Hypothalamic amenorrhea if you’re not “fit” or “thin”?

Some women (like me) read a general description of hypothalamic amenorrhea as being caused by undereating and overexercising, and immediately know that’s their issue. In my case, I was exercising a minimum of two hours a day. I loved my sports, and played ice hockey 3-4 times a week, volleyball 1-2 times, biked to work a couple days a week (15 miles round trip), lifted weights 2-3 times a week, played squash with my coworkers, and golf (no cart for me!) on the weekends. And then I decided that I should lose some weight to have a healthy pregnancy and severely limited my calories (dropping me from a BMI of 22 to 19.5). Whoops, instant HA!

Others, though, it’s not nearly as clear cut. In a woman who’s only exercising 3-4 days a week, or whose BMI is 22, 23, over 25… doctors and other health professionals will often say, “Oh, your weight and exercise are fine.” The thing is, though, that when a woman has hypothalamic amenorrhea, both exercise and weight (as a symptom of calorie restriction) can be associated. Or perhaps not, and other factors are at play.

First, exercise.  Anyone could look at the amount of exercise I was doing (2+ hours, seven days a week) and totally get why that might cause me to lose my period. But what about someone only exercising three days a week?  That seems totally reasonable, right? And for many it is – but in combination with other factors (post coming soon!), even that seemingly reasonable level of exercise can be associated with HA.

The research for our book included surveying over 300 women who suffered from hypothalamic amenorrhea.  We asked our survey respondents about how much they exercised during the time they had HA, both in terms of days per week and hours per day. The results (306 women) are shown below:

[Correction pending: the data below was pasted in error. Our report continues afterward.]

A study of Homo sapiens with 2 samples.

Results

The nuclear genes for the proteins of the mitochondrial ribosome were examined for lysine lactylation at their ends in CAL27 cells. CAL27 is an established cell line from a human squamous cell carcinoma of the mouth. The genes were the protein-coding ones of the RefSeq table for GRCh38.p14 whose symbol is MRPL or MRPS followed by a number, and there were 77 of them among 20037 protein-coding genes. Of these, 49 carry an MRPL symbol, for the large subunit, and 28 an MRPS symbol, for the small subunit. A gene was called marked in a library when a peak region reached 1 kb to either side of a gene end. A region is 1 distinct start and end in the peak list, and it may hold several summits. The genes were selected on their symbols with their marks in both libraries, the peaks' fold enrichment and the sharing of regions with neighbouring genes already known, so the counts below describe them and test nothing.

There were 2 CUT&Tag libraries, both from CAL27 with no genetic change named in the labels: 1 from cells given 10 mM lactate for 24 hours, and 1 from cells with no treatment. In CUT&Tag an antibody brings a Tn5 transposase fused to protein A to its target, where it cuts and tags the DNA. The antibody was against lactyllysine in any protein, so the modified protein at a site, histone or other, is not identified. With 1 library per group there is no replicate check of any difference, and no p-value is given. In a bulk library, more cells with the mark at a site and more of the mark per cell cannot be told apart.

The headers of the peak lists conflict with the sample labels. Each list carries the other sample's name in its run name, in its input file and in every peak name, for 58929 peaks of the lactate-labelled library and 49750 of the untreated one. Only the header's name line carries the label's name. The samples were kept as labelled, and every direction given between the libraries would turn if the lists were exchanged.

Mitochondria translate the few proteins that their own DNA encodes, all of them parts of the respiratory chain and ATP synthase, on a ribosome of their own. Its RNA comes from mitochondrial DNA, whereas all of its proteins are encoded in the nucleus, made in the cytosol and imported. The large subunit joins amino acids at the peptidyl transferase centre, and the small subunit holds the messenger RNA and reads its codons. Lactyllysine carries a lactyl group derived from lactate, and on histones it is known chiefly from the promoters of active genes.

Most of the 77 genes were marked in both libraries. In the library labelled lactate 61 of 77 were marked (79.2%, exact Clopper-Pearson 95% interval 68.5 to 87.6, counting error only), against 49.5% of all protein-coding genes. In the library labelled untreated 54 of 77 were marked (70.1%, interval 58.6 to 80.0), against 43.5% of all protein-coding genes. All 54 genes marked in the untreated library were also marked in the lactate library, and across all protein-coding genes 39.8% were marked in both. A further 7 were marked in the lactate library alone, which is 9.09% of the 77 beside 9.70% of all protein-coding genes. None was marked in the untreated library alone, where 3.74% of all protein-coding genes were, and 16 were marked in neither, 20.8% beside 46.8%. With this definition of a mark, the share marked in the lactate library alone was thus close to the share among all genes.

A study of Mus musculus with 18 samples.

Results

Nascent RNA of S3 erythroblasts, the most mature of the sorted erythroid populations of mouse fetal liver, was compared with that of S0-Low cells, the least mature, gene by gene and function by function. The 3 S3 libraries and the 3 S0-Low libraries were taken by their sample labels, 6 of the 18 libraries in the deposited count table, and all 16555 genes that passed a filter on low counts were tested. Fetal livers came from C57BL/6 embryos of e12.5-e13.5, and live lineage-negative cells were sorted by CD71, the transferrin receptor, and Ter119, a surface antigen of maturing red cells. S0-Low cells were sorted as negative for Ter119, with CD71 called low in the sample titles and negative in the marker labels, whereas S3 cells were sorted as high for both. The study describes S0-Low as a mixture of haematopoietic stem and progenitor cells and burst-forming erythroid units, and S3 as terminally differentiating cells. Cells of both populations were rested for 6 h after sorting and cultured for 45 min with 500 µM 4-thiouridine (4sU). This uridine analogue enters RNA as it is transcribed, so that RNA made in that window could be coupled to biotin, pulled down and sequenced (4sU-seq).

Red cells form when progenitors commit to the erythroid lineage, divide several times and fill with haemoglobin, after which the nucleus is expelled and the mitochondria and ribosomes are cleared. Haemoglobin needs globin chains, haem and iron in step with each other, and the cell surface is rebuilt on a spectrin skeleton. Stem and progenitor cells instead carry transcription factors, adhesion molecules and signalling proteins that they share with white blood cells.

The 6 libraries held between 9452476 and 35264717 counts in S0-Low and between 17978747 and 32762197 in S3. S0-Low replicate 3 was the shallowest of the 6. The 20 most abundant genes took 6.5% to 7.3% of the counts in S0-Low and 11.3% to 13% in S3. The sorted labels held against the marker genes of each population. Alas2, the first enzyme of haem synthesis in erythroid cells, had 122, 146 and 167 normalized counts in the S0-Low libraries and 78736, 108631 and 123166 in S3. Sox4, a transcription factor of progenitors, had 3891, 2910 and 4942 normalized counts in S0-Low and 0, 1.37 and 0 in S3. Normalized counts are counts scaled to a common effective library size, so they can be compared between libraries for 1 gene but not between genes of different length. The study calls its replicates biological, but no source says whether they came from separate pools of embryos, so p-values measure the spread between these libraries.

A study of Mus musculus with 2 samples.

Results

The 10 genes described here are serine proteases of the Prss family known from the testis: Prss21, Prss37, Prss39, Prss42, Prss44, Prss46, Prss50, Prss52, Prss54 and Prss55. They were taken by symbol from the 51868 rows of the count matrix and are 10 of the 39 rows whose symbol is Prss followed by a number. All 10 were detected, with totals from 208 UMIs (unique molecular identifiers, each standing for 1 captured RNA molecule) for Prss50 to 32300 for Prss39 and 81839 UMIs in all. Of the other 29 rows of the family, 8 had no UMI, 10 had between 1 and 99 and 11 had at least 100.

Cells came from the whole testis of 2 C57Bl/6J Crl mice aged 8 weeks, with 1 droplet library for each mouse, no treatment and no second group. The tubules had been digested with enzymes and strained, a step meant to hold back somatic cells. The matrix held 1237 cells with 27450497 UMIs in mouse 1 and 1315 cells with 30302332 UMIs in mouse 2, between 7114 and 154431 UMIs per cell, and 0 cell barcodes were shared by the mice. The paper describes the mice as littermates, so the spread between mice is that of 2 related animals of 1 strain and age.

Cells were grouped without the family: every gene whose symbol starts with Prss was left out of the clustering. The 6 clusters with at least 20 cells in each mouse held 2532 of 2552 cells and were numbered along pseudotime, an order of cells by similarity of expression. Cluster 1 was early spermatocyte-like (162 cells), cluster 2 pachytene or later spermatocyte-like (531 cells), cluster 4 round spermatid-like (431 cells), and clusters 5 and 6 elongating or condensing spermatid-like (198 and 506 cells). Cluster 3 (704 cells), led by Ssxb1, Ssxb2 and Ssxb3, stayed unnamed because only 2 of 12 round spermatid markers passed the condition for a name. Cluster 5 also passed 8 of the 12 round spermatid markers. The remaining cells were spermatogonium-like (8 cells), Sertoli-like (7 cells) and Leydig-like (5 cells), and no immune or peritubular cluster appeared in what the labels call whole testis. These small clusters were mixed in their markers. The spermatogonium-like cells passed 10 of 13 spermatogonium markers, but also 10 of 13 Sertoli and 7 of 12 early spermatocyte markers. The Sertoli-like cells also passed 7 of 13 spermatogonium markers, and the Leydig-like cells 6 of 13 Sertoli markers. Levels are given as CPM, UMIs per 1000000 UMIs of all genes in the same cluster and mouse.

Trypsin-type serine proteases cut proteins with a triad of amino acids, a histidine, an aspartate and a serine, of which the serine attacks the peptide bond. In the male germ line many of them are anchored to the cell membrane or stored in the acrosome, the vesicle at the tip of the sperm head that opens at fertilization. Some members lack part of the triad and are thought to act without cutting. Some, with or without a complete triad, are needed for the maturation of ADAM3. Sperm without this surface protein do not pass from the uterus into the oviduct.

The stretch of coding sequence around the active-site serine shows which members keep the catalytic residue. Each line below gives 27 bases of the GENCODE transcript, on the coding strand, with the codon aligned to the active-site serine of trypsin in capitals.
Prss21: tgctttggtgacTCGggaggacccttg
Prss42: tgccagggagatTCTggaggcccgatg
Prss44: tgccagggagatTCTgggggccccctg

Exercise amounts when women experienced hypothalamic amenorrhea

Each bubble in the center panel corresponds to the number of women exercising for the average amount of time per day shown on the left (y axis), and number of days per week shown on the bottom (x axis). For example, 46 women were exercising 1 hour a day, six days a week. The lighter grey bubbles show the sum of each row or column; 110 total women were exercising an hour a day when they had hypothalamic amenorrhea, 106 were exercising six days a week.

Nine women did not exercise at all, and 9+3+2+20+17 = 51 exercised four days a week or less, about 17% of our respondents. As far as exercise session length, 9+8+46+110=173 (57% of the total) were exercising an hour or less a day.  Looking at both variables together, 42 women, about 14%,  fall into the area that most would consider a *totally* fine level of exercise, an hour or less at a time, four or less days a week.

Another variable that many look at when considering why a woman might lose her period is weight. We generally talk about BMI rather than weight because it takes height into account, but totally recognize that BMI (and particularly the BMI categories) are by no means perfect. But at least it allows for easier comparison of approximate body size than weight alone. As I mentioned, my BMI dropped from 22 to 19.5 during the time when I acquired HA. I still don’t think that people looking at me would think I was “thin enough” to be missing my period, and I was slightly above the median from our survey respondents which was a BMI of 19.0. However, notice that there are people who had HA with a BMI of 22 or above (7.5% of the 286 women who provided data).

Range of BMI when women had hypohtalamic amenorrhea

So it turns out that having hypothalamic amenorrhea is not so much about how much you weigh/your BMI (although that is a component, for sure) but more about the five factors that in part lead to that weight:

  • amount and intensity of exercise
  • food restrictions (amount and variety)
  • weight loss
  • stress
  • genetics

And I will cover each of those in my next posts!  In the meantime though, I hope it helps to know that I was able to regain my period and get pregnant after gaining weight and cutting exercise (and four failed injectable cycles trying to get pregnant, oh, and 18 months…) but at the time there was no guide as to how much more I needed to eat, how much weight to gain, what exercise levels were acceptable. So we ended up writing our book to provide those answers and many more.

How about you? If you have or have recovered from hypothalamic amenorrhea, where did you fit on these graphs? What did it take for you to recover?